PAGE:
The pioneering American artist left behind a legacy of art as a form of gay rights activism; today, with regressive reproductive laws and the Monkeypox vaccine crisis affecting the queer community, his work proves its timelessness.

The artist, musician, author and poet David Wojnarowicz set a precedent in turning art into a tool—a weapon even—for tireless action at a time when government neglect towards the AIDS pandemic had a devastating toll. Coinciding with the 30th anniversary of his death, aged 37, due to AIDS-related complications, a new foundation dedicated to Wojnarowicz’s legacy has been launched, along with the interactive platform

Since launching two weeks ago, the page has invited participants to embed their childhood photographs in lieu of the Wojnarowicz’s into his most recognised work, Untitled (One Day This Kid…) (1990). The photo-text collage, which is held by the Whitney Museum of American Art, shows a young Wojnarowicz framed by his own writing about the passage from childhood into a gay adulthood, tormented by systematic homophobia and neglect. Today, nearly 300 submissions from the public are streamed on the website to commemorate the artist’s unapologetic militant legacy and the bitter timelessness of the causes he fought against.

The fruition of the participatory project, which has 10 different language options, such as French, Arabic, German and Turkish, is intertwined with that of the David Wojnarowicz Foundation’s. The co-founder of the artist’s longtime gallery PPOW, Wendy Olsoff, recently sat with Wojnarowicz’s other close confidants who had all participated in two AIDS quilts dedicated to their friend and his partner Tom Rauffenbart two years ago.

“This time we were frustrated by a new era of homophobia and women’s bodies being in jeopardy,” Olsoff told The Art Newspaper. The group included the foundation’s chair and board director Anita Vitale; the artist Jean Foos; Cynthia Carr, the author of the Wojnarowicz biography Fire in the Belly: The Life and Times of David Wojnarowicz; and the iconic East Village art dealer Gracie Mansion. With the three-decade anniversary of their friend’s death and the foundation’s launch both approaching, the women crafted the idea of a platform in which anyone today could express their rage but also hope surrounded by Wojnarowicz’s words.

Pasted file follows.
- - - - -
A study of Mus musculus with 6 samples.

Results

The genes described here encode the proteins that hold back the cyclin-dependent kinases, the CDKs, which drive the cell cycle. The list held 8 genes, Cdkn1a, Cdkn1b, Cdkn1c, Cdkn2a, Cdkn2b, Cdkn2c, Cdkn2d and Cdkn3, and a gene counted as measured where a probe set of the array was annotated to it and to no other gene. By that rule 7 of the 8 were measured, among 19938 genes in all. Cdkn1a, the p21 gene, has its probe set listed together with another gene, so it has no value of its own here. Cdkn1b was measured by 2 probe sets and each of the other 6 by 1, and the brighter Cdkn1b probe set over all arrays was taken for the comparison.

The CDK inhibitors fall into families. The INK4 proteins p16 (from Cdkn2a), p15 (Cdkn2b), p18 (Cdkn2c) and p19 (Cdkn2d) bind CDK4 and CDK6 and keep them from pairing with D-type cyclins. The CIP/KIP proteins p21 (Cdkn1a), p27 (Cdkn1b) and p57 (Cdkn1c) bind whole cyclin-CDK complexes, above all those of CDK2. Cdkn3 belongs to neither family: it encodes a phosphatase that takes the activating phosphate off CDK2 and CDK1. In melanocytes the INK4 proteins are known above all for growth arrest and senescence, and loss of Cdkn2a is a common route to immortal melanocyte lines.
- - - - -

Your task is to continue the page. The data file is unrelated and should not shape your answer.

“He spoke to all people—that kid is everyone today,” Olsoff says. A coder friend of the gallerist’s son handled the website’s backend, and the artist’s wish to create versions of the work in different languages was realised with inclusion of languages from geographies with poor queer rights.

The Vice docu-series, The Short List with Suroosh Alvi, also pays homage to Wojnarowicz with free streaming of filmmaker Chris McKim’s 2020 documentary F**k You F*ggot F**ker, on and YouTube. The piercing documentary, which uses the artist’s self-recorded tape journals, chronicles a whirlwind of a life defined by the refusal to let the public govern the private. McKim decided to make the film in July 2015 when yet another new chapter in politics was being signaled with Trump’s run for presidency. “When I learned more about David’s work, everything he had done spoke to what was happening back then,” he says.

After his conversations with Olsoff and Vitale, as well as New York University’s Fales Library, which holds the artist’s archive, McKim was able to secure funding from the production company World of Wonder. Between then and now, the Whitney’s ambitious Wojnarowicz retrospective History Keeps Me Awake At Night opened in 2018, followed by another world-changing pandemic. And, yet again, body politics are heavily intervened by government mandates. “One of the lessons I’ve learned from David’s work is that it doesn’t matter who is in power—because it is not about the individuals but about power structures,” McKim says about the poignancy of the artist’s legacy.

At the end of today (22 July), the same group of women will walk to the west side piers where Wojnarowicz cruised and created his groundbreaking late 1970s’ photography series Arthur Rimbaud in New York. They will scatter a mixed batch of the artist’s and Rauffenbart’s ashes into the Hudson River. Vitale previously carried some of their ashes to Madrid and Luxembourg, where the Whitney show made stops in 2019.

The foundation has a series of forthcoming projects, including a book with Primary Information due to be released in the spring of 2023 about the artist’s correspondence with his French lover Jean Pierre Delage, which was subject to a poetically-curated show at PPOW earlier this year. Further plans include finalising a board of directors and creating funds to support LGBTQ+ artists, writers and organisations through grants. “I promised Tom that I would take care of David’s legacy,” Vitale said. “And, the foundation is the fulfillment of that promise.”